His Kill the Pachuco Bastard! is one of the most recognizable and stunning works of recent contemporary Chicano art, a lucid, violent painting depicting the L.A. Zoot Suit Riots of 1943. But Vincent Valdez, a 28-year-old artist, is not from L.A. He’s from “San Anto” — San Antonio. And he just moved here.
In a way, Valdez’s move to a live-work studio in Boyle Heights with girlfriend Shizu Saldamando, an emerging young artist as well, is the completion of a circle begun with his 2001 painting that has traveled the country as part of Cheech Marin’s Chicano art collection. Valdez arrived in September to work on a commission from songwriter Ry Cooder that explores another turning point in the history of Latino L.A.: the eviction of residents from Chavez Ravine, which opened the way for the construction of Dodger Stadium. Both artists requested details of the piece not be divulged, but this viewer can say the work in progress promises to surpass anything Valdez has given us before, technically and thematically.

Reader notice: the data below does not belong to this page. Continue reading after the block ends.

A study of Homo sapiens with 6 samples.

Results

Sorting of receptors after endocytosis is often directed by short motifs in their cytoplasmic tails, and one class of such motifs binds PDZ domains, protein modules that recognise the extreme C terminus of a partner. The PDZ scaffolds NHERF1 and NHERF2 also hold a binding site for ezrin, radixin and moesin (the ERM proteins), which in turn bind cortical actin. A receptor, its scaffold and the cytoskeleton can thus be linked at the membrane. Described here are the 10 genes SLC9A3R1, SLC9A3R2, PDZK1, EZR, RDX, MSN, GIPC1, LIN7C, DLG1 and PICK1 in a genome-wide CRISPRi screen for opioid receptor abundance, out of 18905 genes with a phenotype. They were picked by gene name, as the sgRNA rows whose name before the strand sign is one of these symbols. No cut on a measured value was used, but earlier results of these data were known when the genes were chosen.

“Now I’m back to depicting this actual event in early Los Angeles . . . All of my work in between those two, in between that Zoot Suit piece and this [piece], everything has been based on the same elements, this angle of social American history, whether it’s inner city or, on a grander scale, of what society is and how society functions,” Valdez said. “It was perfect timing, I’ve always had in the back of my mind that I knew I was going to wind up out here.”
This fall Valdez makes his L.A. solo debut at Western Project in Culver City.